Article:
Recent case law: Child support jurisdiction

In the case of Navarro v Parrish, 2014 ONSC 3222, the mother brought an application for child support in Ontario, where she lives with the child. The father lives in Florida. The father brought a motion contesting the jurisdiction of the Ontario court to hear the application.

The father argued that because he and the mother had entered into a Marital Separation Agreement at the time of their separation in Florida which specified that the laws of Florida would govern the provisions of the agreement, any subsequent court proceeding had to take place in Florida.

The mother argued that the separation agreement contained no reference to child support, the only issue in question now, because at the time of separation she did not know she was pregnant. She returned to Canada, where she gave birth to the child several months later.

It appears the father had no relationship with the child, but had paid some small amounts of support sporadically over the years.

After reviewing the Family Law Act and the Interjurisdictional Support Orders Act as well as a considerable body of case law, Justice Gray concluded that the Ontario court had jurisdiction to hear the mother’s claim for child support:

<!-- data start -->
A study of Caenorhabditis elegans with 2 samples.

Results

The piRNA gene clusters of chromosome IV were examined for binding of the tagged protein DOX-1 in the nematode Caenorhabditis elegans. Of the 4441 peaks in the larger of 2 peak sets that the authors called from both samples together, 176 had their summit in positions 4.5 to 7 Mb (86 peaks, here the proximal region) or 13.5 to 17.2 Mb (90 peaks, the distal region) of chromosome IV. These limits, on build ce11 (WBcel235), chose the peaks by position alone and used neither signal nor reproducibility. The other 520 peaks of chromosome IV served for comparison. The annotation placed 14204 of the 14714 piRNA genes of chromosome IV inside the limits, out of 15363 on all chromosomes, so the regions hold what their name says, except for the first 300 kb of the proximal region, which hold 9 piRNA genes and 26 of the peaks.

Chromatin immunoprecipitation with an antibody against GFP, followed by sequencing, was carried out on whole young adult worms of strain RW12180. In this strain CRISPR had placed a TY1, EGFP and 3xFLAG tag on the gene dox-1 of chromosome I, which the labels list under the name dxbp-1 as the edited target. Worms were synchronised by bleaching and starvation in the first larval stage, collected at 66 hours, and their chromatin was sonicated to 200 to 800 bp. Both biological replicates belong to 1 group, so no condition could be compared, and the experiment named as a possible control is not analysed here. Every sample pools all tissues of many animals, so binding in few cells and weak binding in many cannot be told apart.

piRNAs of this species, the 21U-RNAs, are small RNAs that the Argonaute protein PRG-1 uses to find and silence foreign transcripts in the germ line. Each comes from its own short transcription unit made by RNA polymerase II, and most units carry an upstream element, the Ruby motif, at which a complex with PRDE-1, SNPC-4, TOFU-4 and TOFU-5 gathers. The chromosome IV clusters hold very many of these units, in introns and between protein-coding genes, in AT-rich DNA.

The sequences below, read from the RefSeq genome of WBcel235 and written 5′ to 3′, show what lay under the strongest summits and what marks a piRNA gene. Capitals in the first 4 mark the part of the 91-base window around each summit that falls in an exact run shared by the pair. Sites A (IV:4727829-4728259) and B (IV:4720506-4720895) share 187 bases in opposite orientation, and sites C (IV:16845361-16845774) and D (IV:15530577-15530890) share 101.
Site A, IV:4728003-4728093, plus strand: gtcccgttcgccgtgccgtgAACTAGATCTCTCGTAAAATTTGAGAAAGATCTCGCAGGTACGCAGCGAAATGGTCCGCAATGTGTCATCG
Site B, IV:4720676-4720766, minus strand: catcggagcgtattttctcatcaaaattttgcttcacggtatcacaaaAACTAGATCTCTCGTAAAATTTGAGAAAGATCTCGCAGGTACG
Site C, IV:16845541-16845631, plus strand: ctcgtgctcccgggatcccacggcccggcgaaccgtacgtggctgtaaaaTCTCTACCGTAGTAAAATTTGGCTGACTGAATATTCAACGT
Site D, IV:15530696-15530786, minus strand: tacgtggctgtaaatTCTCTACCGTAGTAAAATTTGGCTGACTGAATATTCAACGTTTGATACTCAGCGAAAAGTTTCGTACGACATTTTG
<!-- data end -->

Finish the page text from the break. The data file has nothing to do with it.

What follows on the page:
The ordinary residence of the child, in Ontario, is a sufficient connecting factor to ground jurisdiction in Ontario. The child has resided in Ontario since his birth. The respondent [father] is connected to the jurisdiction, Ontario, through his child. The issue of support for that child is most closely connected to his needs and requirements where he lives, in Ontario. The courts in Ontario are best equipped to make a determination of the issue based on the respondent’s income and the child’s needs. The child will be attending university shortly, which may give rise to a need for a contribution to section 7 expenses. . . . the onus is on the respondent to show that another jurisdiction is clearly more convenient than Ontario for the litigation of this claim. In my view, the respondent has not done so. There is no compelling evidence that conducting the proceedings in Florida would be less expensive or faster than conducting the proceedings here. The agreement made in Florida does not deal with the issue of child support. Thus, there is no agreement that specifies the applicable law as it relates to this dispute.